The West Side Bridges Retrofit will seismically retrofit eight existing bridge structures along Treasure Island Road to meet current state seismic safety standards. These bridge structures are a critical connection between Yerba Buena Island, Treasure Island, and the Bay Bridge.
This construction project is part of a larger multi-modal infrastructure improvement program on the Islands. The first two projects were the I-80 East Side Ramps Project (2016) and the Yerba Buena Island/I-80 Southgate Road and Interchange Project, opened in 2023.
The Transportation Authority is working in partnership with FHWA, Caltrans, BATA and the Treasure Island Development Authority on these efforts. These upgrades support the Treasure Island Transportation Program.
Environmental clearance; final design and right of way certification
The Transportation Authority is leading the design and construction of this project in collaboration with the Treasure Island Development Authority.
Cost & Funding
The cost of the West Side Bridges Retrofit is $126 million. Funding for the project comes from a combination of federal, state, and local sources, including the federal Highway Bridge Program, federal Rebuilding American Infrastructure with Sustainability and Equity Grant, California Prop 1B Local Bridge Seismic Program, Bay Area Toll Authority, SB 1 Local Partnership Program Formula Funds, Treasure Island Development Authority, and Transportation Authority Prop K Transportation Sales Tax.
|Federal Highway Bridge Program (HBP)
|State Prop 1B Local Bridge Seismic Program (match to HBP)
|Federal RAISE Grant
|Bay Area Toll Authority (BATA) Toll Bridge Rehab
|BATA SB 1 Local Partnership Program Formula Funds
|SFCTA SB 1 Local Partnership Program Formula Funds
|SFCTA Prop K
In support of the Islands’ development plans, the West Side Bridges project seismically upgrades the west-bound I-80 Treasure Island Interchange and Road, and improves safety and circulation for motorists as well as for travelers on bicycle and transit.
The project features:
- Seismic upgrades to retrofit eight existing bridge structures along Treasure Island Road on the west side of Yerba Buena Island and I-80 Bay Bridge ramp improvements to meet current operational safety standards;
- Expanded bicycle access by creating a 6-foot wide bicycle lane with a striped safety buffer. The bikeway is the first step in the Bay Skyway Phase 1 project that will link both Treasure Island and Yerba Buena Island with the Transbay Bay Trail slated for the Bay Bridge;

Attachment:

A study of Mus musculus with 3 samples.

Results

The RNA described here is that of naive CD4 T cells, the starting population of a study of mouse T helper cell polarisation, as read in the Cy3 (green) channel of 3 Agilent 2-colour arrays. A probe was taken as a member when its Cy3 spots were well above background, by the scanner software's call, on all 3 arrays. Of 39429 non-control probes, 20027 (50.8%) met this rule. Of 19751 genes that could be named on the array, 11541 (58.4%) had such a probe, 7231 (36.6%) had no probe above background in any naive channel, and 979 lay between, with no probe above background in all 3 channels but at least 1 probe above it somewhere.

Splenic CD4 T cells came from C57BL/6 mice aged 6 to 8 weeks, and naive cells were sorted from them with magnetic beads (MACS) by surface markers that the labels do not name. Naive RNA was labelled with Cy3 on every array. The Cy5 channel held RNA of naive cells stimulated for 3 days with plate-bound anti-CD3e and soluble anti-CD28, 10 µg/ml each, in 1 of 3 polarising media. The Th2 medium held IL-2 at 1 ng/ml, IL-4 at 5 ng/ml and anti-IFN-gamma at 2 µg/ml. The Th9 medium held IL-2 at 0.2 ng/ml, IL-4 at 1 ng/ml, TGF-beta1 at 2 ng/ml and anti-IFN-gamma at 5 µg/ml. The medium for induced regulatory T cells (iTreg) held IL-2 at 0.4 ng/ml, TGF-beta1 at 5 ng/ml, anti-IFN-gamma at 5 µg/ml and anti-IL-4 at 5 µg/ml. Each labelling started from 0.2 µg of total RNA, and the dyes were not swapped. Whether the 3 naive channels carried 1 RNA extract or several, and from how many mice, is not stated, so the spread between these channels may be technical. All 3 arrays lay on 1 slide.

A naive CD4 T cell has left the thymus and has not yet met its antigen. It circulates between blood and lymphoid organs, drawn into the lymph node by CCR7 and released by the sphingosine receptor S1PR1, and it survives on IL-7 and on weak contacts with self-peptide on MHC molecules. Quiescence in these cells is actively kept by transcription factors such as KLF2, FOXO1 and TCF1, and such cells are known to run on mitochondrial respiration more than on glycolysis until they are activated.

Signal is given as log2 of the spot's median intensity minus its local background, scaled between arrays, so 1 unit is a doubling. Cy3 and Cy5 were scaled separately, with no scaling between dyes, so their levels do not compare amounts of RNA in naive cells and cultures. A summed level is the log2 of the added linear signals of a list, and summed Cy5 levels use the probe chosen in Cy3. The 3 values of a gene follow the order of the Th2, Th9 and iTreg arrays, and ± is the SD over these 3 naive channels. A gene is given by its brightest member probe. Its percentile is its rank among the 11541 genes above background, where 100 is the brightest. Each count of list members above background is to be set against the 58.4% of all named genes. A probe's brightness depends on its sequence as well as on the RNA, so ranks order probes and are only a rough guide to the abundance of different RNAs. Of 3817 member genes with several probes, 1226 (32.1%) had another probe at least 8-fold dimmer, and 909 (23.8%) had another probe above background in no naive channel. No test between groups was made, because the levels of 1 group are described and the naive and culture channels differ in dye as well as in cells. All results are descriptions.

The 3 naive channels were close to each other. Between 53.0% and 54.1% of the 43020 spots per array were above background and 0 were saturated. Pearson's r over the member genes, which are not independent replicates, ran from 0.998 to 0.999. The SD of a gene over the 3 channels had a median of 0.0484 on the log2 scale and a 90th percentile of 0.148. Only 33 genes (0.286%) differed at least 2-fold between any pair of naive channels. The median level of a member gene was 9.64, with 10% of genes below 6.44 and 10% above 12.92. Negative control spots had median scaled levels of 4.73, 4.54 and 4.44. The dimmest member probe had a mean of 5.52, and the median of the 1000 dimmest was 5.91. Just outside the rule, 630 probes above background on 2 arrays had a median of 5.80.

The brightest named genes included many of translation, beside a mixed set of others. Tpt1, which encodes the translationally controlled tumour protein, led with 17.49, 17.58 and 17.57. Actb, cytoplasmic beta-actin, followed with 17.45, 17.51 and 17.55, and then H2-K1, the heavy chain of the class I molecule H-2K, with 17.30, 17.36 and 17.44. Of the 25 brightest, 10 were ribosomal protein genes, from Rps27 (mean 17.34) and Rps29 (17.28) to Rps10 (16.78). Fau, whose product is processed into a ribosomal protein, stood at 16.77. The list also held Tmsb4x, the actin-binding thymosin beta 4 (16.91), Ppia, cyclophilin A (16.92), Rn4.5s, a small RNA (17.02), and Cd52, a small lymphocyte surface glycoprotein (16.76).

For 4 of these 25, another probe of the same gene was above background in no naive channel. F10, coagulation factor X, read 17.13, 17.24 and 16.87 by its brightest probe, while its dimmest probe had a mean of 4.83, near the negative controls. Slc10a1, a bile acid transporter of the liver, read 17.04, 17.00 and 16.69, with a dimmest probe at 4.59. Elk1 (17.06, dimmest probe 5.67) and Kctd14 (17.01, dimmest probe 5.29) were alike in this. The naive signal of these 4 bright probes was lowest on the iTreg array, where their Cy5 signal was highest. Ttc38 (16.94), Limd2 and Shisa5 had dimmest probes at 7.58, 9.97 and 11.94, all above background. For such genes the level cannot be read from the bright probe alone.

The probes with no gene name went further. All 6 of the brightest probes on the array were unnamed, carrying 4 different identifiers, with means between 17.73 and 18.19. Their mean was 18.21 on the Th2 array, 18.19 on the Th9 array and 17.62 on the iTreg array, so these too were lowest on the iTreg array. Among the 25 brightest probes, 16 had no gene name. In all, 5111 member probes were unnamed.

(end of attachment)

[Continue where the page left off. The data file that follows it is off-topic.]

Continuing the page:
- Improved bus access to the Islands with a dedicated west-bound bus / HOV (high-occupancy vehicle) on-ramp to the Bay Bridge; and
- Decorative retaining wall designed by Bay Area artist Muzae Sesay
At completion, the project will enable a one-way south-bound traffic circulation pattern for vehicles, connecting to the forthcoming Hillcrest Road Improvement project, which is presently under design. The West Side Bridges Retrofit project is being delivered via Construction Management/General Contractor project delivery method, and will employ over a dozen specialized construction trades.
The West Side Bridges Retrofit project is the third in a trio of ramp seismic safety projects led by the Transportation Authority designed to replace and retrofit key roads and ramps linking the Islands to the I-80 San Francisco-Oakland Bay Bridge. The first project was the I-80 East Side Ramps project, completed in 2016. The second was the Yerba Buena Island/I-80 Southgate Road and Interchange Project, completed in 2023.
Brief History of Treasure Island and West Side Bridges
Treasure Island was constructed during 1936-1939 and consists entirely of filled land. Both the Bay Bridge and the West Side Bridges were built starting in 1937. The West Side Bridges were built in part to support transportation by visitors to the Golden Gate International Exposition in 1939-1940 during Treasure Island’s first phase of development. Both islands have served as a military base for World War II and as a continuing U.S. Coast Guard facility. The Islands are transforming again as part of an effort to build up to 8,000 homes—many offered at below-market rates—housing more than 20,000 new residents.